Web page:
Creating the Cohort study
Our study has been following 142 girls and their families from nine countries since their birth in 2006, and we hope to continue following them until they reach 18. We want to create this in-depth study in order to generate a better understanding of the realities facing girls growing up in poverty.
As the girls in our study turn 10, it is a significant opportunity to stop, think and consider what we have learnt about their lives so far.
I started working on this project almost six years ago, when the girls were only four years old. It has, in a sense, been a very personal project to be part of. You learn a lot about the girls and their families – the challenges the family is facing for example, or the girl’s experiences of the outside world - friendships, school and so on. I have watched the girls grow from infants, into childhood and now as they transition into early adolescence. Sadly seven of the girls in our study have passed away, five of these deaths occurred before the age of five. Although all of the causes of these deaths are different, they are all a sad reminder of the consequences of living in poverty.
The nine countries where this study operates are very different from each other, but overall despite these differences, we see that gender inequality is prevalent in all nine of these countries, and the interrelation between poverty, gender and age cause significant challenges for girls.
At the moment, the aspirations for the girls’ futures (from both the parents and the girls themselves) are high. The girls aspire to being teachers, nurses and doctors when they grow up. These career choices will of course require university level education. In our wider work at Plan International UK we have learnt that adolescence is a time when external factors such as poverty, early marriage or poor quality education, combined with ingrained gender inequality can cause significant challenges for girls. The parents in our study, although they want the best for their daughters, worry about their ability to continue to support them to complete their schooling in order to go on to be the doctors, or teachers that they dream about.
Our evidence is unique in the sense that we are able to track each individual girl and her family through the life cycle. We will generate ground-breaking evidence to help us understand how and why challenges affect girls and at what age do these bear significance. This evidence will aid the international community to understand better how and when to design programmatic activities to support girls.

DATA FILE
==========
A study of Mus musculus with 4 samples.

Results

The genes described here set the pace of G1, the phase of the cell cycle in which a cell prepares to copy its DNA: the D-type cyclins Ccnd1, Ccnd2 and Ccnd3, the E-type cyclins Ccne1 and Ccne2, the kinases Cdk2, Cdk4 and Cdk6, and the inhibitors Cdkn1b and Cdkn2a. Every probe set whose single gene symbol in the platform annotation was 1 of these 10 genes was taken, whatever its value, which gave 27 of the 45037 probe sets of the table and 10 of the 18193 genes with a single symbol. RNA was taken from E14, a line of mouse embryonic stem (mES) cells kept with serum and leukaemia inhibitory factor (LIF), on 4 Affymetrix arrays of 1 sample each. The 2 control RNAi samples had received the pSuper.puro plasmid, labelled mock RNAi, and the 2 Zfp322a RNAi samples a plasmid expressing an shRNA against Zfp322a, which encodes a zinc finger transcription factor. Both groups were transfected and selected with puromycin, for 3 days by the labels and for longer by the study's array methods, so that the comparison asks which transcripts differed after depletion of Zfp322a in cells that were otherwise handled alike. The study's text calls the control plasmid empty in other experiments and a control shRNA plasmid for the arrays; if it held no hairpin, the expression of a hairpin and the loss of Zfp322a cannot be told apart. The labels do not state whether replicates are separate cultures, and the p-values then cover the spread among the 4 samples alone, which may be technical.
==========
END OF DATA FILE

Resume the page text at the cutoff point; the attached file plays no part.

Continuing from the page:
We are putting real names, real faces to the statistics, theories and discussions we have surrounding girls and gender equality more broadly. We are reflecting the lived reality of 142 girls from nine countries, and we will make sure they are listened to. Download the report.
Margaret Akello – Plan International Uganda gender specialist
Margaret had a key role in collecting data from girls in Uganda, I asked her a few questions on what her experience of working on the report was.
- Why do you think it’s important that we do this type of research?
Once you are clear on the situation facing girls, you are better equipped to develop appropriate strategies to address the situation, and that is why we think by investing in this research we will build a better picture for designing interventions targeting adolescent girls in our programmes.
- What one piece of information has come out in this year’s report that you think is most important?
It was interesting to see girls begin to experience early adolescence. The likely challenges that adolescent girls face in Uganda may also affect the cohort girls, for example; challenges around child marriage, teenage pregnancy, school drop out and HIV infection. It is interesting to see that at just 10 years old these issues are starting to creep into their lives.
- 10 years on what has been the most significant change in these girls’ lives?
The girls are getting more shy, some are beginning to hate school. Most of them are taking on more household chores like washing plates, collecting water and cooking up to five hours a day.
- What overarching recommendation can you give to improve the lives of all girls around the world?
Education is one very practical way to empower girls globally. Allowing girls to stay longer in schools is my main recommendation.
- What do you hope to see the next 10 years bring to the girls?
We all need to come up with interventions that empower girls. If we leave them, they will all get absorbed by the challenges that poverty and being a girl bring.